I don’t remember the last time I bought plastic cling wrap. If I had to estimate, it’s been close to a decade, around when I started working for Treehugger and thinking about the environmental impact of single-use plastics.
I haven’t missed it. There was an adjustment period at first when I had to figure out how to store leftovers differently, but once I got the hang of it, I never really thought about cling wrap again–until my aunt pulled some out at Christmas and I watched in amazement as she covered dishes to stash in the fridge. I’d forgotten that’s what people do!
Living without cling wrap isn’t hard once you figure out some alternatives. Here’s how I manage.
Amass a collection of containers for storing leftovers. This does require an extra step of transferring food from the dish you cooked or served it in to a sealed container with a lid. (My aunt does not have such a collection, hence the reliance on cling wrap.)
Whenever I’m in a thrift store, I check the kitchen wares section and have been able to build a good collection of glass Pyrex containers with sturdy plastic snap-on lids. I also buy extras so that if I’m ever giving food away, I can put it in a thrifted container and not worry about needing it back because it cost so little.
Mason jars work well, too, and empty pickle or pasta sauce jars that have been washed out. Make sure you have a wide funnel to make pouring easier and cleaner—and the right-sized lids. All leftover cooking liquids, like diced tomatoes and coconut milk, get transferred to jars if I haven’t used the full amount in the can but know I can soon.
If I need to freeze something, like a half-can of tomato paste, I put a bit of parchment or foil over the top of the aluminum can, wrap an elastic around it, and stick it in the freezer. It thaws quickly in a dish of hot water. I also freeze surplus food in old, clean yogurt containers, though I’m careful not to add hot or acidic foods or thaw in hot water to avoid leaching chemicals.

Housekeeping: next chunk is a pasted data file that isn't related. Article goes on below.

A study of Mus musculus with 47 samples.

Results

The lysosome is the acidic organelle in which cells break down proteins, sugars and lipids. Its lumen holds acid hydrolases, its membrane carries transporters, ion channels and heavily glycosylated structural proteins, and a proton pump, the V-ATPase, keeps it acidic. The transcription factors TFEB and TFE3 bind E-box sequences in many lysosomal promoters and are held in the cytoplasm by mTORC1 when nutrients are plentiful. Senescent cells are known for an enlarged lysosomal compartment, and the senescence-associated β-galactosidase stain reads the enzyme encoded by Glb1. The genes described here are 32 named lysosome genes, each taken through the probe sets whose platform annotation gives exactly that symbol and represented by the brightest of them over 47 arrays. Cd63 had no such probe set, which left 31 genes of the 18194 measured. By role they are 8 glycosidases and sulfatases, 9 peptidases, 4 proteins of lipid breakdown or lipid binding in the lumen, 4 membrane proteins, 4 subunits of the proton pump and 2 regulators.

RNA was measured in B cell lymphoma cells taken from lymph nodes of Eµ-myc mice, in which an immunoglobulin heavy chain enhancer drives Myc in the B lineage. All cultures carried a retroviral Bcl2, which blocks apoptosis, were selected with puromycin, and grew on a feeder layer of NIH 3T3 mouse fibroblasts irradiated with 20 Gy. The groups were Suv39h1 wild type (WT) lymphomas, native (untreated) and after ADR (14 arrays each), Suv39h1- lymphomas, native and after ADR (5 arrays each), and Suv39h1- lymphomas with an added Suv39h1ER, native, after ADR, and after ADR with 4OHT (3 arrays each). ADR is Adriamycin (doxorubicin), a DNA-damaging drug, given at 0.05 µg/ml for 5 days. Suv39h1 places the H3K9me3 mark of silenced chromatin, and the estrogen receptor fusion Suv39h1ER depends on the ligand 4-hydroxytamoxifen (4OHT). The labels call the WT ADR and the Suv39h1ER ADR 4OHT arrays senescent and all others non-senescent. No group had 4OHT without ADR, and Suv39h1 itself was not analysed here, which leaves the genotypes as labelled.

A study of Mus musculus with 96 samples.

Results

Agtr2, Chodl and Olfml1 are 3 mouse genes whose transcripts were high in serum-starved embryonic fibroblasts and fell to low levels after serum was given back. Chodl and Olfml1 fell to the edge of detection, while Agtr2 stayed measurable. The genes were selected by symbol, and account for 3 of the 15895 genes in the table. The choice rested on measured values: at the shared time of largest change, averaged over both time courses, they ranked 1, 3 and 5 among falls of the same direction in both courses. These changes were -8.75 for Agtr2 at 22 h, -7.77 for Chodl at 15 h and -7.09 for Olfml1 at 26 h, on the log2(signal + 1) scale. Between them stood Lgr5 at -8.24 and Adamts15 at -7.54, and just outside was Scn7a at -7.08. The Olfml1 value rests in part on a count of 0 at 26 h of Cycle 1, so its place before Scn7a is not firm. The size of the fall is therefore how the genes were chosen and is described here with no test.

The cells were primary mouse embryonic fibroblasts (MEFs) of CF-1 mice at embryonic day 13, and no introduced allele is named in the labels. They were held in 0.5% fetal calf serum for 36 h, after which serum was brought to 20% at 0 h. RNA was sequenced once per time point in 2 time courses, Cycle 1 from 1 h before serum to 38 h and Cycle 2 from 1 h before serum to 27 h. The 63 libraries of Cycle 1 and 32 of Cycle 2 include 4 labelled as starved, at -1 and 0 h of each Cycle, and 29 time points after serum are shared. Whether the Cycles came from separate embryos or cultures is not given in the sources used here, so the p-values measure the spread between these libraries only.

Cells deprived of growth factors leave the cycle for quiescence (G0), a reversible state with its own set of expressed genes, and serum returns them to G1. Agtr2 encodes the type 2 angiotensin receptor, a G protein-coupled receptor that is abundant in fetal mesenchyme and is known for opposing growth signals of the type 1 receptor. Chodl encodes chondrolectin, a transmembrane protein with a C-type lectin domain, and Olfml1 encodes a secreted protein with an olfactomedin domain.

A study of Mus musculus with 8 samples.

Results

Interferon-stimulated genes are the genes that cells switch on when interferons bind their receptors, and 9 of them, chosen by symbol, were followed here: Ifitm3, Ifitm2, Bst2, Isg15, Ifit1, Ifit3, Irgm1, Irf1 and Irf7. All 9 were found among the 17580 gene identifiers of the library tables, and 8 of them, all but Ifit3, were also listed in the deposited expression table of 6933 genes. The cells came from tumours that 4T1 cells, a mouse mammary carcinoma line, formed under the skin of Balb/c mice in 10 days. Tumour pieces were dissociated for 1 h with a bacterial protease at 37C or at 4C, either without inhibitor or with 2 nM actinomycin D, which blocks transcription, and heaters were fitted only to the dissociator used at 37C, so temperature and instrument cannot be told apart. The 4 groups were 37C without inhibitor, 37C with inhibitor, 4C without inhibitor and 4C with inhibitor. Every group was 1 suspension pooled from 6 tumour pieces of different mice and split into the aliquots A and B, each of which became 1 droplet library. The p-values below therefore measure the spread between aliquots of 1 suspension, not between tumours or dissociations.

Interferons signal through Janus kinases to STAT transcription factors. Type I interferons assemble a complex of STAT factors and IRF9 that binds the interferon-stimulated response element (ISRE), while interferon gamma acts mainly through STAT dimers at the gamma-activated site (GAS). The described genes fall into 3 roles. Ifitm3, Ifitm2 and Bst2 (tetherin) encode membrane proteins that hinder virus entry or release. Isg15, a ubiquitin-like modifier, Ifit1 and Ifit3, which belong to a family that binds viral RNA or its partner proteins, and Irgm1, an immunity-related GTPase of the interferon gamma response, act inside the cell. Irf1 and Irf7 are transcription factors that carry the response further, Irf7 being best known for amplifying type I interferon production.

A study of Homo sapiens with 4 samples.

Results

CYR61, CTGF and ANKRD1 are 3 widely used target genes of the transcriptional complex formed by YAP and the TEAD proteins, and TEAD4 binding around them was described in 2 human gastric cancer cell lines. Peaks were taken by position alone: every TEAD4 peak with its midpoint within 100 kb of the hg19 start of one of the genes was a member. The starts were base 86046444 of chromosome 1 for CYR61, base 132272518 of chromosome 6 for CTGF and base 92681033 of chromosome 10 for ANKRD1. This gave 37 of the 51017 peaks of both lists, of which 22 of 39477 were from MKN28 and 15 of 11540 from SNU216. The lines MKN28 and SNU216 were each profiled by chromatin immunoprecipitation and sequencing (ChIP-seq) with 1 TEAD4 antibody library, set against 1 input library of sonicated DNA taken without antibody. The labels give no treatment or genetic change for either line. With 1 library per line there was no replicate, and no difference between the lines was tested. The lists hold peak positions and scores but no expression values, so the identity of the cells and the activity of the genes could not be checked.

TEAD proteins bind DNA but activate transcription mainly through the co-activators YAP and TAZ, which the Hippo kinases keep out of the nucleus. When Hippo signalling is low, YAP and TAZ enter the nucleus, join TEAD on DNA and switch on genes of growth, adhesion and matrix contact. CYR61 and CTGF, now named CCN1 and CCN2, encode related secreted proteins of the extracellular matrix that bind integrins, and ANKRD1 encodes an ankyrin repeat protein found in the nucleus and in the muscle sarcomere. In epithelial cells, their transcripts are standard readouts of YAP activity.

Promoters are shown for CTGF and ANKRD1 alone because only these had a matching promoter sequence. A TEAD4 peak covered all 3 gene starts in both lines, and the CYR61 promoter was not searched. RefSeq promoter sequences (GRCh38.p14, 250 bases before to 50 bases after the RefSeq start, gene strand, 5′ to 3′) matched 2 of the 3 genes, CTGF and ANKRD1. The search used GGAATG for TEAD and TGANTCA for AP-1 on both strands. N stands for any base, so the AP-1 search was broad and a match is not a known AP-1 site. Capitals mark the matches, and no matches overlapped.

If you can’t be bothered with transferring food to containers or there’s too much of it, you can cover serving dishes with upside-down dinner plates and stash in the fridge. Sometimes I use a tea towel to cover a bowl if I’m not concerned about something drying out—or I combine a tea towel with a dinner plate to provide an extra barrier.
Keep some sturdy ziplock bags on hand. I have the same three or four large bags that I’ve been reusing for the past year. I wash them with hot soapy water and dry between uses. They’re a good substitute for cling wrap whenever I need to keep something sealed that doesn’t fit into a container, like some discs of pie pastry that need to chill overnight. Sometimes I use an elastic to hold a ziplock or grocery bag over a bowl of slow-rising bread dough to prevent it from getting a dry crust, or I’ll flip a mixing bowl over a serving plate that’s holding something large, like a leftover birthday cake.
If I have to transport something like a quiche in a pie plate, I’ll slide it into a clean grocery bag and tie it tightly to keep it sealed.
For packing sandwiches in my kids’ lunches, I use stainless steel containers. In a pinch, a beeswax wrap or parchment paper will do, or a clean milk bag. (We live in Canada where milk is sold in bags that can be washed, dried, and reused indefinitely.)
When I have bits and pieces of food hanging around, like small chunks of cheese or peeled ginger root or extra cloves of garlic, they go into containers or clear glass ramekins with plastic lids so I can see what’s there.
Partially cut fruits and vegetables—like half a lemon, green pepper, or melon—I put upside down on a plate in the fridge where it’s the first thing I see every time I open the door; this helps me remember to use it quickly. I do the same with onions and have not had an issue with the smell, though it’s never in there for more than a day and I make sure the cut side is down.
Other people I know swear by silicone food bags and stretchy lid covers, but I don’t have much experience with those. I prefer to use what I have, as it does the job, saves money, and reduces clutter in the kitchen.
Cling wrap is not going to make or break the plastic pollution crisis—admittedly, there are far bigger sources of plastic waste out there—but it’s one of those simple things that you can learn to live without quite easily. Commit to not buying it anymore and you’ll figure out alternatives as you go.